BILLY Bragg made his name in Margaret Thatcher’s Britain, writing and performing protest songs against the anti-union policies of her government.

Almost three decades on, he is in Melbourne to perform songs by folk singer Woody Guthrie, famous for his ditties for America’s working class.

As is his wont, the man who declared There is Power in a Union will also detour into local issues, singing outside Southern Cross Station this morning to highlight the plight of Australia’s working poor, those trapped in precarious and low-paid jobs.

Bragg was invited to perform by the National Union of Workers at a protest organised to coincide with Anti-Poverty Week.


He says his involvement in the protest is a gesture to highlight the link between the increasing numbers living in poverty and the simultaneous rise of insecure employment models such as labour hire, where safety vests are often standard attire.

Those attending the concert have been asked to wear fluorescent vests.

The union asked Bragg to take part in the event because he was in town touring his Guthrie tribute as part of the Melbourne Festival. He was only too happy to help.

”I’m here to celebrate the legacy of Woodie Guthrie,” says Bragg. ”But it has to be more than just singing the songs. So, if I was to live up to Woodie’s example, I had to do more than just do some gigs.”

National Union of Workers Victorian secretary Tim Kennedy says Australian Bureau of Statistics figures show 825,000 households are considered ”low economic resource households”.

He says workers employed by labour-hire companies regularly tell his union about being moved from job to job daily.

”Sometimes they are waiting on a text message to know if they have a shift the next day, or that they are ‘no longer required’ by a labour-hire agency after being injured at work.”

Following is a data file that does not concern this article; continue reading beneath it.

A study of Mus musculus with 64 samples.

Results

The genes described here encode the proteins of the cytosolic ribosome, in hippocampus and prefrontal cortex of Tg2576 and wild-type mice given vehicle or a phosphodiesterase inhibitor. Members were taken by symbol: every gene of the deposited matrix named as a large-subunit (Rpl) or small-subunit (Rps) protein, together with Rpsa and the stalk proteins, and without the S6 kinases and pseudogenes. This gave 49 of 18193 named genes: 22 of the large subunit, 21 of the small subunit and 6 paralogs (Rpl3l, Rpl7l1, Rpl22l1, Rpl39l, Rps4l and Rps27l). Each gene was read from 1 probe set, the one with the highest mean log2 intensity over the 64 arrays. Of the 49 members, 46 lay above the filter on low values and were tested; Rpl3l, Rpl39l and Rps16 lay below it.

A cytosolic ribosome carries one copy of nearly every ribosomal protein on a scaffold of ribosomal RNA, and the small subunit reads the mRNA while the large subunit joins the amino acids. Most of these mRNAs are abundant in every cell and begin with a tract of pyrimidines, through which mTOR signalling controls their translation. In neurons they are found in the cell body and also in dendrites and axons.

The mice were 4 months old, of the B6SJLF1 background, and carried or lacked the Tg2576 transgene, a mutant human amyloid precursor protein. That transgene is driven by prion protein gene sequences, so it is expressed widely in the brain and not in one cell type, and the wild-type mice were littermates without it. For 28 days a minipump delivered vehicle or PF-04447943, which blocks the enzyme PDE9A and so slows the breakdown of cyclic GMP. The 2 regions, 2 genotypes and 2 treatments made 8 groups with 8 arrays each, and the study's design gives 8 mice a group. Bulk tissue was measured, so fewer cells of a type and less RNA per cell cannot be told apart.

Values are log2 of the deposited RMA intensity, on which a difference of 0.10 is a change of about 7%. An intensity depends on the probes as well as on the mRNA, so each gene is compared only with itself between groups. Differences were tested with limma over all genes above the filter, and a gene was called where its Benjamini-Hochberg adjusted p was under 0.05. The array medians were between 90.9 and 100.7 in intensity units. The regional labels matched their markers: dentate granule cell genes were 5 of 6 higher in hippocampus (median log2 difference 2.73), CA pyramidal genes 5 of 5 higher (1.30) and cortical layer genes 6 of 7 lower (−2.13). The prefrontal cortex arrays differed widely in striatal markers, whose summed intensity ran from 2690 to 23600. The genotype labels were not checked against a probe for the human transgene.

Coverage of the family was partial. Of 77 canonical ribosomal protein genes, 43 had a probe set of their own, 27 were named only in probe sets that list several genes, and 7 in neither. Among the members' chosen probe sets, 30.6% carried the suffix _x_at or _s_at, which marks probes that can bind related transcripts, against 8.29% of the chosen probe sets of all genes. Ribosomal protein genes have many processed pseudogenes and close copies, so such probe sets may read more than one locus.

Bragg says secure jobs are the key to a strong economy, along with a guarantee that people will get a proper wage. ”There should be a living wage, not a minimum wage,” he says.

”Particularly major companies making huge profits, we should be encouraging them to pay a living wage. It’s ordinary working people spending their money in shops that make the economy grow.”

Armed with his guitar, Bragg says he ”would be surprised if I don’t play There is Power in a Union this morning. And one of Woodie’s songs.”

via Bragging rights for the poorly paid.

About Darin Sullivan (1967 Articles)
President of the Fire Brigade Employees’ Union and a professional firefighter with more than 25 years’ experience. Father of two daughters, he lives and works on the NSW South Coast, Australia. He is a strong advocate for firefighters and emergency service workers with an interest in mental health issues and caring for those around him. He is a Director on the NSW Fire Brigades Death and Disability Super Fund and works with charities including ‘The Movember Foundation’. As a leader and activist he has long been active in the campaign for action on climate change. Now a Station Commander in the fire and rescue service in NSW and has decades of experience fighting fires, both rural and urban. He is passionate about highlighting the impact climate change is having on fire preparedness and fire behaviour in Australia, and the risks associated with inaction on climate change. Darin is also a spokesperson for the Australian Climate Media Centre.